With a fully-charged battery it develops up to 480bhp and 634lb ft of torque: not quite as much as an Audi E-tron S Quattro produces, but it beats what’s on offer in any Jaguar iPace or Polestar 2. It’s certainly more than enough poke to get your attention - whether you’re driving this car or simply contemplating what doing that might feel like.
Well, you need contemplate no longer. Driving the Mach-E GT on the road is often an exercise in gauging exactly how quickly it is socially acceptable to make a 2.2-tonne family SUV abscond from the traffic lights or zip down a motorway slip road. But the car’s super-punchy roll-on performance from everyday speeds won’t actually occupy your conscious mind for much longer than it takes you to pick off that dawdling removals lorry.
When you really want it to be good, this car is as often puzzling, alienating, even frustrating as it is exciting. It takes well to smoother surfaces; and to long, wide, arcing corners with a certain balance and handling adjustability that will surprise you. It is more engaging than the majority of electric cars for a moment or two. We needn’t and mustn’t deny any of that. This is a fast Ford alright - and it rotates away underneath you with the best of ‘em if you switch off the stability control, let the nose settle into a longer, tighter 40- to 50mph corner, and then feed in plenty of power at the apex.
But it’s also a high, wide and heavy car - and the tuning of the busy, testy ride and the often dull-feeling, leaden controls makes it seem all the heavier. Its electric powertrain, potent as it may be, does little more to involve you in the act of operating it than even the most basic EV does. And on really challenging roads where the dynamic composure of a great driver’s car ought to shine like a beacon, the Mach-E GT too often falters, fidgets and irks.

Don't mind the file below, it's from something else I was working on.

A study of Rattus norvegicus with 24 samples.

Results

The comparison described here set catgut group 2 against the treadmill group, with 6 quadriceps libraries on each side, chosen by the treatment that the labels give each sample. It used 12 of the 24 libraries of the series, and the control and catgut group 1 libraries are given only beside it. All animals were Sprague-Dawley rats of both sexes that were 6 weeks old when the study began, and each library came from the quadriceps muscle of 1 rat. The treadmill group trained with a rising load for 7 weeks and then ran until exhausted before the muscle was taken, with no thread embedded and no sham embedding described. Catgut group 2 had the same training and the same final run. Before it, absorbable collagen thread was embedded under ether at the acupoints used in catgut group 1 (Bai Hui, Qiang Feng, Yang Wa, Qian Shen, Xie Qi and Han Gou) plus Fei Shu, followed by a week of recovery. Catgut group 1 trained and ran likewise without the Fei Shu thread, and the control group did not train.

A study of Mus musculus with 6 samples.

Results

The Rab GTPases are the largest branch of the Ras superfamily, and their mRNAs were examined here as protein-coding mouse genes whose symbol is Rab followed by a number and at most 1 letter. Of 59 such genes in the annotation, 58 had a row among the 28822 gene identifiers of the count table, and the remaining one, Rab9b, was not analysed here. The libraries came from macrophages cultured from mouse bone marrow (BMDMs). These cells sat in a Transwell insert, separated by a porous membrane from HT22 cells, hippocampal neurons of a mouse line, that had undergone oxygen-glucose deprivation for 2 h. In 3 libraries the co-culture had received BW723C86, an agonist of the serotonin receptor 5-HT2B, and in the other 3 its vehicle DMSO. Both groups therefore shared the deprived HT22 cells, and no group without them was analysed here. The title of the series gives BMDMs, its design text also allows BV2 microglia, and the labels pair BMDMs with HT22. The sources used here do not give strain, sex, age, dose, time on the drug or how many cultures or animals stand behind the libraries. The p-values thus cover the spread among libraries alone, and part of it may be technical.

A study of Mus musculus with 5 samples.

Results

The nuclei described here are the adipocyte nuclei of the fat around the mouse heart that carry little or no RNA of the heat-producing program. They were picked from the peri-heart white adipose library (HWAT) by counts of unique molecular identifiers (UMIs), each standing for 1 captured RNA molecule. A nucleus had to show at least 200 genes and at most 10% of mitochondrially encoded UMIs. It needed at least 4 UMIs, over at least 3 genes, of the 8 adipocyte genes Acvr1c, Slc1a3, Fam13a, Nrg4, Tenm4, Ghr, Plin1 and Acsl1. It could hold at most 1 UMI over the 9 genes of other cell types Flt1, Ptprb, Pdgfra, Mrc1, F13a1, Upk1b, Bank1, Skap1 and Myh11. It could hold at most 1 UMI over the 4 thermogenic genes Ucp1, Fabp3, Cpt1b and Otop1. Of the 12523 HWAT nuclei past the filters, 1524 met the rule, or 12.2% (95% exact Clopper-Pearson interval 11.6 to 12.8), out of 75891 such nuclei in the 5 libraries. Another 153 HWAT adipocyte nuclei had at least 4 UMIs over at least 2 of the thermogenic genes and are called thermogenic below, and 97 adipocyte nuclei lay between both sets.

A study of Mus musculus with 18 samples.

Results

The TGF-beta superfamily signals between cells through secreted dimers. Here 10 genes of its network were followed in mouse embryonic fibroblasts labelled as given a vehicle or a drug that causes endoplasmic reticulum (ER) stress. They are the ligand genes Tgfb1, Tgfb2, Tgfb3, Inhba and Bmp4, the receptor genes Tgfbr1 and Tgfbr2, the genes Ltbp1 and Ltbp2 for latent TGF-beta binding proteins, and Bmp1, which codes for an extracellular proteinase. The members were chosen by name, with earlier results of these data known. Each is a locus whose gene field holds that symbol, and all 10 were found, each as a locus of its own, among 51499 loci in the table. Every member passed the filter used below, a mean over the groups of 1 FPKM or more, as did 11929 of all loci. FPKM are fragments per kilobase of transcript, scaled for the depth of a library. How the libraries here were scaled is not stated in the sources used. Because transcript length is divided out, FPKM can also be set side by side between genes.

Part of the car’s problem is the shadow cast by its muscle car namesake. You just expect a fast Mustang - any fast Mustang, even an electric one with an SUV body profile - to be a little bit feisty, don’t you? To bristle a bit over lumps and bumps. Well, the Mach-E GT certainly does that.
The car’s ride over choppier country roads ranges from a noticeably restive and reactive in Ford’s more relaxed driving modes (Whisper, Active) to clunky, excitable and often uncomfortable in the sportier ones (Untamed, Untamed Plus). Granted, it wouldn’t have handled as Ford wanted it to without plenty of stiffness, both lateral and vertical, dialled into the suspension. But this doesn’t feel like a car that’s been anywhere near a complex road surface at any point in its gestation. It may corner well, at times; but it doesn’t invite you to commit it to any particular bend or line with real enthusiasm unless you know beyond a doubt that there isn’t a mid-corner bump waiting around the next hedge, ready to lift you out of your seat. That’s the truth of it.